When you make AI art, you look into the best ways to craft an image prompt that gives you a result that is close to your vision. In the event that you were ever curious… there are a lot of images you can’t use. It’s quite a difficult task, despite the fact that you can get amazing results just from typing a few words into a computer.
I recently asked some AI chat software what the best practices for creating a generative AI image are, and was told by ChatGPT some weird stuff that didn’t make sense to me. (I’m guessing I worded my questions in such a way that the chatbot thought I was intending to create an image AI of my own instead of using one for image creation)
But asking Google’s Bard gave me results that I understood much more:
- Be specific. The more specific you are in your prompt, the more likely Midjourney is to generate an image that matches your vision. For example, instead of saying “a beautiful landscape,” say “a mountain range with snow-capped peaks and a river running through it.”
- Use keywords. Midjourney can understand keywords, so use them to your advantage. For example, if you want to generate an image of a cat, you could use the keywords “cat,” “feline,” and “domestic.”
- Use adjectives and adverbs. Adjectives and adverbs can help to add detail and realism to your images. For example, you could say “a realistic painting of a cat sitting on a windowsill” or “a stylized illustration of a cat wearing a hat and sunglasses.”
- Use negation. You can use negation to exclude certain elements from your images. For example, you could say “a cat without a collar” or “a landscape without any people.”
- Use filters. Midjourney offers a variety of filters that you can use to change the style of your images. For example, you could use the “oil painting” filter to make your images look like they were painted by hand.
- Use creativity. Don’t be afraid to experiment with your prompts. The more creative you are, the more interesting your images will be.
However, this is not always what I have found works for me in practice.
For me being specific doesn’t usually work… at a certain point, adding more information to Midjourney or DALL*E or whatever AI you use doesn’t seem to change anything all that much.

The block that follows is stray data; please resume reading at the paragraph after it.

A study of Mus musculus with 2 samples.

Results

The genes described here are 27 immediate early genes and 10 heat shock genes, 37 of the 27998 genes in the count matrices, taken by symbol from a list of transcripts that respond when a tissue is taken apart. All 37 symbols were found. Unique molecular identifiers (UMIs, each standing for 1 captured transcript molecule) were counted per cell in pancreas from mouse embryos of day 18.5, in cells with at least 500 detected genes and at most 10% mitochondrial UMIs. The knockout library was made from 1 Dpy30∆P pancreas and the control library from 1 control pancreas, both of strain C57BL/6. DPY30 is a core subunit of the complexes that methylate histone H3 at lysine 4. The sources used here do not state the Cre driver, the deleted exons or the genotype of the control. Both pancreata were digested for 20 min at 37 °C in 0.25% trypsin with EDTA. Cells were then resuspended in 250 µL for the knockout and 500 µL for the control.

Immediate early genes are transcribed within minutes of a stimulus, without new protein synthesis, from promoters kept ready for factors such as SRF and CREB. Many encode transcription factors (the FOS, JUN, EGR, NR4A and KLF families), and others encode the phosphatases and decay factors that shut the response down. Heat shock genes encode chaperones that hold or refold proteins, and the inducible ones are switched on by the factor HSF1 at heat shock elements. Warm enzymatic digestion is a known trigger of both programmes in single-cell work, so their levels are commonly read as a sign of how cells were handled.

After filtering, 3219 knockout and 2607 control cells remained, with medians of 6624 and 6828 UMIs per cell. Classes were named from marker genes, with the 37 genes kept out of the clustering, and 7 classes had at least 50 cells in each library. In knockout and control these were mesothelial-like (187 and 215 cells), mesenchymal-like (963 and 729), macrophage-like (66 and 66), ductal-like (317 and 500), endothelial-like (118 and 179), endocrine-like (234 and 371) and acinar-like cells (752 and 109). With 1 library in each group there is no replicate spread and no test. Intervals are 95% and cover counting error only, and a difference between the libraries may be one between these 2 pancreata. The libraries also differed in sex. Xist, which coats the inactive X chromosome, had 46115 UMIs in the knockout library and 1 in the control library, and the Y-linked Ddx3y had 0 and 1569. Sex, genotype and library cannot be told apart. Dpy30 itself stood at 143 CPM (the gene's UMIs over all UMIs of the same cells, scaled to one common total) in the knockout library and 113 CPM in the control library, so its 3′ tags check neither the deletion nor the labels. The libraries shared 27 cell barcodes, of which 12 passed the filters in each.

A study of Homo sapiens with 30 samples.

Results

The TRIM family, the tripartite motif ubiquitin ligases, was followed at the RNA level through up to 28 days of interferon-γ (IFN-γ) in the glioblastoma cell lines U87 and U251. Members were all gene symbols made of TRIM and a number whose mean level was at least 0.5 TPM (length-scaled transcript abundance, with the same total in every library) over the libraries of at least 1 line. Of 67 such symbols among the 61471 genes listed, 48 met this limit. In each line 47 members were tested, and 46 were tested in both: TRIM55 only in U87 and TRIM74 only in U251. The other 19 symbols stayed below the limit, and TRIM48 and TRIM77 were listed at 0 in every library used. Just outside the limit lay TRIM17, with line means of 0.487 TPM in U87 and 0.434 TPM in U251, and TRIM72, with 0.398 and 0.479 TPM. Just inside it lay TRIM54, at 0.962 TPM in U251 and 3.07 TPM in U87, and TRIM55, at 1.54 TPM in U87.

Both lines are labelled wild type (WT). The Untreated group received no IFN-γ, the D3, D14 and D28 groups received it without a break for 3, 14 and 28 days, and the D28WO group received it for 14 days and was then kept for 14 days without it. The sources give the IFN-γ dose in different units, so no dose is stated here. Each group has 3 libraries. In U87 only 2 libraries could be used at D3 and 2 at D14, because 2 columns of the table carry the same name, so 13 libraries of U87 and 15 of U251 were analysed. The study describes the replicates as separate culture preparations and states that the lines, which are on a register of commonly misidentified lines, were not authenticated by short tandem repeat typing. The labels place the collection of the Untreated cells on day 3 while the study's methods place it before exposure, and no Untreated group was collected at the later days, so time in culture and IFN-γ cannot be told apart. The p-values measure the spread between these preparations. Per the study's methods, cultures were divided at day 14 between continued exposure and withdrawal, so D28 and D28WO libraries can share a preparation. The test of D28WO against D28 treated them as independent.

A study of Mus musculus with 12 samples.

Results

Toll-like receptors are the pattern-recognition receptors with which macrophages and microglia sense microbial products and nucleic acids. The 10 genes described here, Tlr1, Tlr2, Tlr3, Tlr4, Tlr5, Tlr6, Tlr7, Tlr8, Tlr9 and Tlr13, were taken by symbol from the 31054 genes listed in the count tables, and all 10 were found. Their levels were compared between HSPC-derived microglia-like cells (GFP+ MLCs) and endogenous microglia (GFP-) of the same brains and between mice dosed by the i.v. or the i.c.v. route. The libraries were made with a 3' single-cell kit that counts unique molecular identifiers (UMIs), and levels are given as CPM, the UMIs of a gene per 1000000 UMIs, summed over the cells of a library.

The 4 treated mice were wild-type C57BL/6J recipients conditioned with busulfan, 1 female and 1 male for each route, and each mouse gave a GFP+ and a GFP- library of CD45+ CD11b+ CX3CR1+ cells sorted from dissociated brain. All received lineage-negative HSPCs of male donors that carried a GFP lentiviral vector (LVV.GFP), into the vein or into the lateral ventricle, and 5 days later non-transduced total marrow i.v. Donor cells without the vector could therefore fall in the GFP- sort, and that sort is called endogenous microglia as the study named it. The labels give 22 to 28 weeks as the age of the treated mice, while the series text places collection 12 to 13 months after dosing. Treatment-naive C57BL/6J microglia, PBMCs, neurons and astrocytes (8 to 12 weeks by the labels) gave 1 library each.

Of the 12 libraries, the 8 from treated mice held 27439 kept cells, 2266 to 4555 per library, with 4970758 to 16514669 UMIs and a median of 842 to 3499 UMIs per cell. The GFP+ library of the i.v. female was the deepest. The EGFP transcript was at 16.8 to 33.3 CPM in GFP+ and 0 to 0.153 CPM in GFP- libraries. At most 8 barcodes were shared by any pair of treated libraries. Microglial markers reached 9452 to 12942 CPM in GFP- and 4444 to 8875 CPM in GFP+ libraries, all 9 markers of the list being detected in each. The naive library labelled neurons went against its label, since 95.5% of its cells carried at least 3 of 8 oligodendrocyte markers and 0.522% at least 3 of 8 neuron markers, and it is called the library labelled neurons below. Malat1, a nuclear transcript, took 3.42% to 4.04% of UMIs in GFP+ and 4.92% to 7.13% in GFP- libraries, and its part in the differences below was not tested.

This is a simple photo of a baboon with a balloon that I created with the Midjourney AI. It’s not a very impressive balloon either but I tried to add to the idea.
I tried to create an image of the baboon holding a balloon and a torch!
First off, the AI seems to have merged the items. Most of the images appear to show either a balloon with a flame or a balloon with a candle inside or just a candle. A candle is not a torch but even if it was, the image would still be off because a balloon torch isn’t a thing!
Well, that didn’t work… at all. I mean, they are still very good… better than what I could do… they look fairly realistic, if not “Photoshopped”… but the light actually does seem to exist in both scenes so that is cool.
But being specific didn’t help here and I’ve found that it doesn’t always help when creating AI images. And that is usually the case with any of the practices listed above… you can’t really rely on the programs to get your vision 100% right… isn’t that what makes it art though?
Personally, I think the fact that not every element is perfect is what adds some flavor to the image… which may not be what others want for their own art, articles, stories or whatever someone intends to use an AI image for. So I think AI image generators will ultimately be able to create exactly the picture in your mind, but for today… anyone using AI art has to have a lot of patience and willingness o keep trying… failing that, you just need the ability to look past perfect and realize that it’s not just about that!
Something that does work though, is using modifiers… like writing realistic or comic book style… writing in a setting usually works, but sometimes is just not gonna produce the exact results you want!
See his balloon got better when I put him in the subway!